Image from S. Krishna’s Books
From the author of Girl, Interrupted (yeah the one that was turned into a movie starring Winona Ryder and Angelina Jolie), comes a book about, well, girlhood. Susanna Kaysen’s novel, Cambridge, features a protagonist named, surprisingly-yet-unsurprisingly, Susanna. Susanna is an elementary-school-aged girl growing up in 1950s Cambridge, Massachusetts. Susanna is whisked away by her parents time and time again during her childhood, much to her chagrin. A year in London here, some time in Italy there, summers in the Cape intermingled, and then a disastrous few months of Grecian living thereafter.
Sounds pretty exciting, right? Well, not to Susanna. All Susanna wants is for everything to be boring and the same. For her to remain in Cambridge, Massachusetts, for her to always have the same nanny, for her naïveté to remain that way for all time, and for her to never go through puberty. Susanna has a gift for only seeing the worst in every situation. Delighting in mediocrity and anonymity, preferring to remain ignorant and sullen than do what it takes to shine or learn the patience to see the best in a situation.She’s basically like the preteen Negative Nancy. This idea is cemented when, after years of being one of the worst students in her classes (but never the absolute worst), she arrives at an international school in Greece to find – to her horror – that she’s top of the class. She knows that she comes from a better background, that she’s had an upbringing unlike any of her classmates’, and that’s just not okay.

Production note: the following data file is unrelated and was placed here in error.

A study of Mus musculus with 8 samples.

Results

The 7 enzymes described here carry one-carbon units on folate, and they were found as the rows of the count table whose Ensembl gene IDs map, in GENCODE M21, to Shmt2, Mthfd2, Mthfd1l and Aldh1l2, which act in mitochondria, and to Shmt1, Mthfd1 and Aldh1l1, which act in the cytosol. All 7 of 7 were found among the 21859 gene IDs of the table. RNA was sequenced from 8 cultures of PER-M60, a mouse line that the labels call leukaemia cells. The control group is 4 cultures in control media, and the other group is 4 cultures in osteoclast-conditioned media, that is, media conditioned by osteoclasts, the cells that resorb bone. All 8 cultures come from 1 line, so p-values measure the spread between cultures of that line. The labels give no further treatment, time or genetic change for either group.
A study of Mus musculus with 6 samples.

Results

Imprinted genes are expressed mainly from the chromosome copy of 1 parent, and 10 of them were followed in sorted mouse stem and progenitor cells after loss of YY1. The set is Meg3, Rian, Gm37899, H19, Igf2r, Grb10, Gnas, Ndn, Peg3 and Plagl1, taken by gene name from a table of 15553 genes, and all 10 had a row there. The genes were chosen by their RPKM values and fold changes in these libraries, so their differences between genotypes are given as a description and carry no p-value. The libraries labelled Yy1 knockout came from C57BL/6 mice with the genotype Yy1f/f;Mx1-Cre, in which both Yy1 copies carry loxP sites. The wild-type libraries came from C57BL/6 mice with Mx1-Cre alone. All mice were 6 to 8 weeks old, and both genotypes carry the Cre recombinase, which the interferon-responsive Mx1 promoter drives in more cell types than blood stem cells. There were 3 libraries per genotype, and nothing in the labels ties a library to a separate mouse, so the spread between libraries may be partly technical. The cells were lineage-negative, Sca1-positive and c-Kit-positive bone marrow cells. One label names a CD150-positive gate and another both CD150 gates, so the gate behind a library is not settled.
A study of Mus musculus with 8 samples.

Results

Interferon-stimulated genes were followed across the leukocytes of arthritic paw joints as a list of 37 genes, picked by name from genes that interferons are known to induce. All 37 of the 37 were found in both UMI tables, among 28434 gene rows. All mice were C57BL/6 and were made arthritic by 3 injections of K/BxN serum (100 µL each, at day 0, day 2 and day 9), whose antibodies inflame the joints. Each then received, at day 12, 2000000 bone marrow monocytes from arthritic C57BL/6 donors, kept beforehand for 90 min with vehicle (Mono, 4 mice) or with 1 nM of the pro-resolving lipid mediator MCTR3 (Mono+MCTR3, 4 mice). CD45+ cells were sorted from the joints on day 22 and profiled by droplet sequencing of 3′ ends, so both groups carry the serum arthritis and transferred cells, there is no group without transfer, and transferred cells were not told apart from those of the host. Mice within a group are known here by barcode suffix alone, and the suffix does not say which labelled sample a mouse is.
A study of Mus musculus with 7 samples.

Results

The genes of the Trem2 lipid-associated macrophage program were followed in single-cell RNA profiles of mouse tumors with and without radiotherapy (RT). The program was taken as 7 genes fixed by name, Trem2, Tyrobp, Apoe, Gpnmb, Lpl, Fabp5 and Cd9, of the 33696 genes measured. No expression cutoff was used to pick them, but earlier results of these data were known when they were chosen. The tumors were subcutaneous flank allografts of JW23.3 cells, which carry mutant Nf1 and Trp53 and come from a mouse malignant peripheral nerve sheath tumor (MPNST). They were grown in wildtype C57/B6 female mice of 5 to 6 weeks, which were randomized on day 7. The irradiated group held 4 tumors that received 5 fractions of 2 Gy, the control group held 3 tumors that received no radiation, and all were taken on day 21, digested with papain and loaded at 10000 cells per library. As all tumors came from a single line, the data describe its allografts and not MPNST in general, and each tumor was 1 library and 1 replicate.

As I was reading Cambridge, my thought was that it was a lighthearted look into one small schoolgirl’s descent into depression. But, after reading some reviews on the novel, I started to think that that was just me putting myself in Susanna’s shoes. The only excuse for me to be that okay with mediocrity, that uninterested in my surroundings would be for me to be deeply, deeply depressed. She spent months living in a contessa’s villa in Italy and had all of Florence at her fingertips, for crying out loud!
With all of that in mind, I’m a little confused by what this novel aimed to accomplish over the course of its 270-some-odd pages. The shared name with the author suggests it’s a memoir, which I’m assuming is secretly the case. I did some research after deciding that Susanna – the character – seemed deeply depressed and possibly slightly off/disturbed. Susanna Kaysen – the author – underwent psychiatric treatment for about 2 years when she was 18. I can only assume that this is meant to be the best-selling therapy project to get the author in touch with her roots. And, I should mention, totally worth the read if you enjoy child psychology, mentions of historical places, or even just really love Debbie Downer or SNL – she and Susanna are basically twins.